The U.S. Green Building Council is updating its LEED rating systems and soon will make the documents available for public comment. Although these changes won’t go into effect until 2012, now is the best opportunity to make recommendations that are appropriate for schools and universities. And because these changes will remain in effect until 2015, it is important that improvements are introduced now.
The draft changes to the cleaning credits in LEED for Existing Buildings: Operations & Maintenance (LEED-EBOM) are designed to update existing requirements and recognize that green cleaning has become accepted as a best practice—in nine states it is now the law for public schools and universities. Furthermore, based on the review of almost 6,000 LEED-EB projects, 85 to 95 percent of all projects were awarded points for the cleaning credits.
Some specific changes include a recommendation to increase the requirement for purchasing sustainable chemicals, paper and trashcan liners from 30 percent to 60 percent of total applicable purchases (EQ Credit 3.3). The requirement for sustainable janitorial equipment (EQ Credit 3.4) would increase from 20 percent to 75 percent of new purchases. These may seem like significant increases, but when schools and universities make a commitment to green cleaning, they find it easy to purchase all or a significant portion of these products as green. The higher percentages simply reflect this reality.
The new draft document also raises the bar on receiving the point awarded for conducting a custodial effectiveness audit (EQ Credit 3.2) from a minimum of 3.0 to 1.5 (the lower the score, the better). This issue is significant because it can serve as a tool to demonstrate the need for larger cleaning budgets and more custodial workers. Undoubtedly, this has direct financial implications and can help justify why it is important to provide increased funding for cleaning as departments fight over shrinking budgets.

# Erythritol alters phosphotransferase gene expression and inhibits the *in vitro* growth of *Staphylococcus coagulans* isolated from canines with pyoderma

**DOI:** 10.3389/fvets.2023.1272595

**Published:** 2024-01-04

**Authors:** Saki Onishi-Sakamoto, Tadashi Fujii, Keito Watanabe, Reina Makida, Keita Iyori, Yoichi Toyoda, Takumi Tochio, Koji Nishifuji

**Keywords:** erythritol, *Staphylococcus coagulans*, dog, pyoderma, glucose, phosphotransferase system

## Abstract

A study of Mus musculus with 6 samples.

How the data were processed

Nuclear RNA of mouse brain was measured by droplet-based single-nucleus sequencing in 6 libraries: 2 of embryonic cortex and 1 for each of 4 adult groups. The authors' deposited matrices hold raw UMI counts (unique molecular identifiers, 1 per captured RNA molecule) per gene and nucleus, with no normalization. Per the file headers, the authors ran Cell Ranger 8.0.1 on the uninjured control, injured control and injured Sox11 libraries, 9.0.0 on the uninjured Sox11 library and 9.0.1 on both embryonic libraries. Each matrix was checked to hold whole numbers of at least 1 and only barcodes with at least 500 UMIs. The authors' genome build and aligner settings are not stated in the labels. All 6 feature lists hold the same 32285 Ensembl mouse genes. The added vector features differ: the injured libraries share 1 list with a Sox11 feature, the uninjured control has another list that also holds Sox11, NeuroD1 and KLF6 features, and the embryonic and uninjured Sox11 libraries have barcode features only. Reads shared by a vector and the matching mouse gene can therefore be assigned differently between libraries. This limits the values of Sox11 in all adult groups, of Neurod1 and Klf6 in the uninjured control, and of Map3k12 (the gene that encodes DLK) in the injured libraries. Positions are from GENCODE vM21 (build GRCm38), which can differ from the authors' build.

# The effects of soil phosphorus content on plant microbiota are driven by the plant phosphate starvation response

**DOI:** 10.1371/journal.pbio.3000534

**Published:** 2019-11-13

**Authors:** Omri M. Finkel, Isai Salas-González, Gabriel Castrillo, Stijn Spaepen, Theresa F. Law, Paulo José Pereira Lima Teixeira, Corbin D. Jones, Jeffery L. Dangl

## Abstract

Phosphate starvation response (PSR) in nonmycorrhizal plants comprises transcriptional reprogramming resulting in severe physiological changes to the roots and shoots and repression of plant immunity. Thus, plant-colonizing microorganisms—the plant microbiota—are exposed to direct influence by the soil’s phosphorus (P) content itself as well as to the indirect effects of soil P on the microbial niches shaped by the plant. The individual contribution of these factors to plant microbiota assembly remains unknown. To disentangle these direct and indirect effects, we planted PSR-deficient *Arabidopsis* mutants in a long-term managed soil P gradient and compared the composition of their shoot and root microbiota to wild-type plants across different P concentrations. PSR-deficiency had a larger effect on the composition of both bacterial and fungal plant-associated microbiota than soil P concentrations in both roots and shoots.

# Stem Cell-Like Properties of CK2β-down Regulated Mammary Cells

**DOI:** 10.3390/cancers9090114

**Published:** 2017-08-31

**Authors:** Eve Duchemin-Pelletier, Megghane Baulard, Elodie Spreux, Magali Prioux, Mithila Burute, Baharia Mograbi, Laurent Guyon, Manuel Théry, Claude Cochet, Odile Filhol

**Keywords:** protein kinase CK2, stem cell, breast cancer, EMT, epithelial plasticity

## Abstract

Other changes in the draft include efforts to recognize new product certification programs (eco-labels). For example, the draft includes EPA’s Design for the Environment (DfE) and ISSA’s information-based environmental label (Clear Source) in addition to Green Seal and TerraChoice’s EcoLogo program as options for cleaning chemicals (EQ Credit 3.3). The additional options should expand competition among suppliers and bring costs down.
The draft also includes new options for the High-Performance Cleaning Program (EQ Credit 3.1) by adding Green Seal’s Standard on Cleaning Services (GS-42) and ISSA’s Cleaning Industry Management Standard for Green Buildings (CIMS-GB). These additional compliance paths should make achieving this point easier for those using these programs. Interestingly, new language in this credit also clarifies the opportunity to use "chemical-free" cleaning, in addition to simply using "greener" chemicals.
The draft also seeks to increase training requirements and includes other additions on which schools and universities may want to comment. The Green Cleaning Prerequisite (EQ Prerequisite 3) would for the first time include a strategy to reduce impacts from on-site laundry and warewashing programs. Another proposal seeks to require a purchasing strategy for product categories that have no existing third-party standards. This includes mop buckets, carts, floor pads and other tools.
Because the LEED rating systems help shape the marketplace, it is important to ensure that they are updated properly. USGBC members and non-members can submit comments, so please send yours in today! For information on how to submit a comment, visit the U.S. Green Building Council’s website at USGBC.com or AshkinLEEDEB.com.